Gold and silver gave precious metals bulls a harrowing ride on the “down” price elevator on Friday, as gold had as much as $82 removed from its price and silver was hammered as much as 10%. However, make no mistake, the bulk of the sell-off occurred in the paper derivative markets of London and NYC. This graphic shows Comex February paper gold over the last 24 hours:
Very little if ANY physical gold transacted in institutional size during this price ambush. The sell-off did not start until AFTER the Asian physical markets had closed for the weekend and London was open. The first big push below $1900 didn’t start until 3:00 a.m. The next leg down – from $1890 to $1827 occurred after the Comex floor opened. This was a pure paper market endeavor.
Furthermore, the sell-off was not triggered by any specific news or events. In fact, and I leave it to the readers to verify for themselves, at least 90% of the time gold is price-ambushed like this ahead of and concurrently with the release of the Government’s monthly non-farm payroll report. Today’s report was far worse than expected and this should have been a bullish catalyst for the gold price (and silver).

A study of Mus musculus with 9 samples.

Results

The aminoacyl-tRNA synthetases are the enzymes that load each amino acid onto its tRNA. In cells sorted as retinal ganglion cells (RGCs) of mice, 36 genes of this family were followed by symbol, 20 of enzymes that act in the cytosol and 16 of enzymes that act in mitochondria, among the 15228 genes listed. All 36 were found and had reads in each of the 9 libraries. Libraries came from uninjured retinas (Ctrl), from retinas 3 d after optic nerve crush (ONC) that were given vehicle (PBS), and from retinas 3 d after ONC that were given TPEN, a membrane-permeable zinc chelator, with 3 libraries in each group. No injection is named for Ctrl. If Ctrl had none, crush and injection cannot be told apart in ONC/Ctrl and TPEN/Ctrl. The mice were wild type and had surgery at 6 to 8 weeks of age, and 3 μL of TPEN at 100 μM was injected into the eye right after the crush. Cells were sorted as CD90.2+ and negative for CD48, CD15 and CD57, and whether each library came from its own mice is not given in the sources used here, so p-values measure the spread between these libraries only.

A bounce in the dollar and rising interest rates do not explain today’s price-action in gold. A study by Adam Hamilton that goes back to the early 1970’s demonstrates that gold’s best periodic rate of return occurs while interest rates are rising. This is because rising rates, among other things, reflect the expectation of rising inflation.
In all probability, today’s price manipulation is in advance of another big round of money printing by the Fed. If you doubt this connection, look at the price action in gold in the summer of 2008, ahead of the bailout of the big banks by Ben Bernanke, and look at the massive gold price hit in March, ahead of an even bigger money printing operation initiated by Jay Powell.
I would suggest that the Fed is gearing up another large money printing operation – possibly bigger than the one in March – in order to fund the a multi-trillion dollar spending (“stimulus”) program once the Biden Government takes over the White House (see this: Washington Post).
The motive to prevent the gold price from rising is two-fold. First, it’s an effort to support the U.S. dollar, which has lost over 12% of its value vs the euro, yen, pound and swiss franc since March. Second, and more importantly for keeping the U.S. stock market propped up, it’s an attempt to prevent a soaring price of gold from reflecting the escalating risks embedded in the global financial system, of which the U.S. is the biggest component.